People with rosacea may have a higher than normal risk for dementia, especially Alzheimer's disease, according to research published in the Annals of Neurology.
The chronic inflammatory skin condition rosacea is characterized by high levels of some proteins. These proteins are also linked with some neurodegenerative disorders.
Alzheimer's disease and some other types of dementia are among those disorders. Proteins include matrix metalloproteinases and antimicrobial peptides.
Researchers from the University of Copenhagen studied 5,591,718 Danes 18 years of age and older, from 1997 to 2012. Of these people, 82,439 Danes had rosacea.
It was determined that people with rosacea had a 7 percent higher risk for dementia, and a 25 percent higher risk for Alzheimer's disease than those without rosacea.
Women with rosacea had even higher risk, with 28 percent higher risk for Alzheimer's disease while men with rosacea were at 16 percent increased risk.
More than 99,000 of those studied later developed Alzheimer's disease.
Researchers reported that highest risk for developing dementia exists for older patients and for those whose rosacea has been diagnosed by a hospital dermatologist.
Rosacea makes the face red, sometimes with small red bumps filled with pus. Fair-skinned middle-aged women are the group that is most often affected, though anyone can have rosacea.
Without treatment, the Mayo Clinic says that rosacea will often continue to get worse. Rosacea symptoms can increase over periods of weeks or months, then decrease again, for no discernible reason. Some people who have rosacea may think they have acne, or other skin issues.
Rosacea makes the center of the face red, and often small blood vessels in the nose and cheeks may become visible as well. In rare cases, the skin on the nose can become thickened, making the nose round and swollen.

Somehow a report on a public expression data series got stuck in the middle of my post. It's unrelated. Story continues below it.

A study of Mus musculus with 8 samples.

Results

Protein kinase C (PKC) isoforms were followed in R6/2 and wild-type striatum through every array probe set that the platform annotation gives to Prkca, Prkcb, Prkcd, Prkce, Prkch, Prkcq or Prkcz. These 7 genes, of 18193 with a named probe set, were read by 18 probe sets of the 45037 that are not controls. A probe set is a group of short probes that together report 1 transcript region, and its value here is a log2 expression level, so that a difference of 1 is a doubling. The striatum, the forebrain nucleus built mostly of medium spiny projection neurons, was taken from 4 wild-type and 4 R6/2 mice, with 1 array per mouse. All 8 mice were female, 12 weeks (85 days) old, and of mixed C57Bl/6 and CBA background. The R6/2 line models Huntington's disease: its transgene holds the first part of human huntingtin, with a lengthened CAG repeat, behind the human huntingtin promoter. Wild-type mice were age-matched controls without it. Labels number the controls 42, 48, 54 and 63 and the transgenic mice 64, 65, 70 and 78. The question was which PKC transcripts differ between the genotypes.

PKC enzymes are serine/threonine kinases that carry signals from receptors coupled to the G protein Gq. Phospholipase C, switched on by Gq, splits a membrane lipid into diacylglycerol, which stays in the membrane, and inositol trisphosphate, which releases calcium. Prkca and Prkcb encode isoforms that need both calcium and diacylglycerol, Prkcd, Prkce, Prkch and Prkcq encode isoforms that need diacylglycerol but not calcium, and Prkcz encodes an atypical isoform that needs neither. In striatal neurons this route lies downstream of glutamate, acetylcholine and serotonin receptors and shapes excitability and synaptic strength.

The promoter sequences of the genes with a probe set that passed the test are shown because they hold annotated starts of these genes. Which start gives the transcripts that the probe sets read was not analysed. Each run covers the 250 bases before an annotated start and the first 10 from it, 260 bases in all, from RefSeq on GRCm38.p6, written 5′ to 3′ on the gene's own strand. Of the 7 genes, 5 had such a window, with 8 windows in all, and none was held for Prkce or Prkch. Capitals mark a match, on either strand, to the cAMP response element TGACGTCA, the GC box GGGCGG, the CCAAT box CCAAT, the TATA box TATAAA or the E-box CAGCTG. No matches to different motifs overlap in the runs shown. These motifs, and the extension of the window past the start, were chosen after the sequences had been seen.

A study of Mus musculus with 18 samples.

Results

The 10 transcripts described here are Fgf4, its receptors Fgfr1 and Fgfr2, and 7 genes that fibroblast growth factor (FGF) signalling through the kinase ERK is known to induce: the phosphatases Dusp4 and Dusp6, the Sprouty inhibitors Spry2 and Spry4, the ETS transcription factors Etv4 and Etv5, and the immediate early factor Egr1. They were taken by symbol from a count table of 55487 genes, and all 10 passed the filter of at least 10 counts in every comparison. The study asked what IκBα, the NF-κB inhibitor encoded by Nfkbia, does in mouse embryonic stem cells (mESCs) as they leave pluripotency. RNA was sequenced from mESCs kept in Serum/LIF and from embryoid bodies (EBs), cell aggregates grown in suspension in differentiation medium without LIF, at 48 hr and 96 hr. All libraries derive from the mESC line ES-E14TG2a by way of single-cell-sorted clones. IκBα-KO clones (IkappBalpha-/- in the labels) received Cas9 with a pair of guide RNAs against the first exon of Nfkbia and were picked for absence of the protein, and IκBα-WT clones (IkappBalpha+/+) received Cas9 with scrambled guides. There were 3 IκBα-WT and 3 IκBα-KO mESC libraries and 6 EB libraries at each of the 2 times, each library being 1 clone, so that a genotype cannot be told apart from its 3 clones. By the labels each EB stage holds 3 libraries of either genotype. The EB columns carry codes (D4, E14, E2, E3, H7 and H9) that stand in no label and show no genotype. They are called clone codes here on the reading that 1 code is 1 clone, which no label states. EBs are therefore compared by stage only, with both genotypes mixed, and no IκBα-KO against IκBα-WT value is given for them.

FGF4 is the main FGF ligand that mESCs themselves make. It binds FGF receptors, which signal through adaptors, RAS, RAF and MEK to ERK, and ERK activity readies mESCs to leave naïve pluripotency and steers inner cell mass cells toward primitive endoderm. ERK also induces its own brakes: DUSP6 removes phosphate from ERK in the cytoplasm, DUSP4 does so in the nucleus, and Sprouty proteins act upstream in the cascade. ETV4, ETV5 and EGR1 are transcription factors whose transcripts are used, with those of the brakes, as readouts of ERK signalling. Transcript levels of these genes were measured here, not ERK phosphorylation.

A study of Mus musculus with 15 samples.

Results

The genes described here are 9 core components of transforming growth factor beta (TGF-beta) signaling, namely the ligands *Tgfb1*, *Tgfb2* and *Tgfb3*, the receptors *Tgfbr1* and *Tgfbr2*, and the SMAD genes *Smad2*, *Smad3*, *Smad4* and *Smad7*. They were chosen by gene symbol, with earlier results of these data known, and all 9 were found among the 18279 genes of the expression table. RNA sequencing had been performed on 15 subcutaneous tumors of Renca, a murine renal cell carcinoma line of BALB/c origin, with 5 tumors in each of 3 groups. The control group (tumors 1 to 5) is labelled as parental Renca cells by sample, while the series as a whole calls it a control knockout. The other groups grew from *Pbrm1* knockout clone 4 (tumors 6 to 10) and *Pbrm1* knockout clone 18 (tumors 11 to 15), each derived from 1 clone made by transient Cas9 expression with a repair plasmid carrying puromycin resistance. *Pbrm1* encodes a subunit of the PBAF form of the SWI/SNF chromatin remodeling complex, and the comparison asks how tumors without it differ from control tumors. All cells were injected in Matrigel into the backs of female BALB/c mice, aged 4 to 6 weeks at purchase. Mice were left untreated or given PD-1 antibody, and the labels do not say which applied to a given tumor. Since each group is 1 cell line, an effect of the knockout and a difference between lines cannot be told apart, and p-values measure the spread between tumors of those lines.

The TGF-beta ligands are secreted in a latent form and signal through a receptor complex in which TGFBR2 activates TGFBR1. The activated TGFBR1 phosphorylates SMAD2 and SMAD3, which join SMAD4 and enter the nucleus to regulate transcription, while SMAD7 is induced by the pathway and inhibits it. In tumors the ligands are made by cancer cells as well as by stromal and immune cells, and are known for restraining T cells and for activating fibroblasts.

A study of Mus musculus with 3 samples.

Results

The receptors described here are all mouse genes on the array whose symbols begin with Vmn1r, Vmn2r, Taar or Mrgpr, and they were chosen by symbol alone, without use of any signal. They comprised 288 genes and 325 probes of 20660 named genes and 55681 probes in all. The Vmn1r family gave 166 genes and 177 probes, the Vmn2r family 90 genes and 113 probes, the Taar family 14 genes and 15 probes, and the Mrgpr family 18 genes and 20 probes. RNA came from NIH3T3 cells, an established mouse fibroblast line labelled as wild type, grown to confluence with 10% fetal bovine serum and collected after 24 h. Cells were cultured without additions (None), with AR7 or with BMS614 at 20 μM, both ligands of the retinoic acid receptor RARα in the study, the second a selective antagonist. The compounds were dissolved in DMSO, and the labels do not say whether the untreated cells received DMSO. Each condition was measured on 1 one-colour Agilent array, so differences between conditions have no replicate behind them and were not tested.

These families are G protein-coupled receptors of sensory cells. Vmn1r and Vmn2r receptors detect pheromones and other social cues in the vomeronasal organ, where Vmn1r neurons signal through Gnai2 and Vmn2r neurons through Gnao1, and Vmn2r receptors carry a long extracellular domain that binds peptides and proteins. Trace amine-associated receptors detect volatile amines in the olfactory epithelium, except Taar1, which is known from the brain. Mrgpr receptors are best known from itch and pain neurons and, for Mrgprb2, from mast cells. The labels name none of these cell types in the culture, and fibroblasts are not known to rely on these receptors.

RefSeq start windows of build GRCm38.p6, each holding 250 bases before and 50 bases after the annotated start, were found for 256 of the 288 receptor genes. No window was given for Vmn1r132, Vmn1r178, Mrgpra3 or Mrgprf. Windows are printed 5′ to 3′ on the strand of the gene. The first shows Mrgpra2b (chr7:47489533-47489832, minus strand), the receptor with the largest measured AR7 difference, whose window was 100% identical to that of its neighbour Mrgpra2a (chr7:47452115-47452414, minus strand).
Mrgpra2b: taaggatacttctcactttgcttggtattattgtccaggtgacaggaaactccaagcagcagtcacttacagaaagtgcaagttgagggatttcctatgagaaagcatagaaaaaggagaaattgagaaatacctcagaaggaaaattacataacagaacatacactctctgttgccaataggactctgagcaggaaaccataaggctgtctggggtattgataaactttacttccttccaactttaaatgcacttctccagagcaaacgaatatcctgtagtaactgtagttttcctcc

The affected skin may feel tender and hot. Rosacea can also affect the eyes, making them dry, swollen and irritated, and causing the eyelids to become reddened.
About Alzheimer's Disease and Other Forms of Dementia
According to the Alzheimer's Association, Alzheimer's disease makes up 60 to 80 percent of dementia cases.
Dementia involves symptoms like loss of memory especially in the short-term, difficulties with language and communication, as well as impaired reasoning and judgment. The ability to focus attention can decrease, and vision can be affected.
Dementia can be progressive, which means it gradually worsens.
Be aware that research of the apparent link between rosacea and dementia is in the early stages. If you have rosacea, do not assume that this means you will end up with Alzheimer's disease or another form of dementia in your later years. Still, the link is something researchers want to investigate further.
Reviewed June 1, 2016
by Michele Blacksberg RN
Rosacea linked to a slightly increased risk of dementia. Eurekalert.org. Retrieved May 31, 2016.
Alzheimer's risk higher in people with rosacea. MedicalNewsToday.com. Retrieved May 31, 2016.
Rosacea. Mayoclinic.org. Retrieved May 31, 2016.
What Is Dementia? Alz.org. Retrieved May 31, 2016.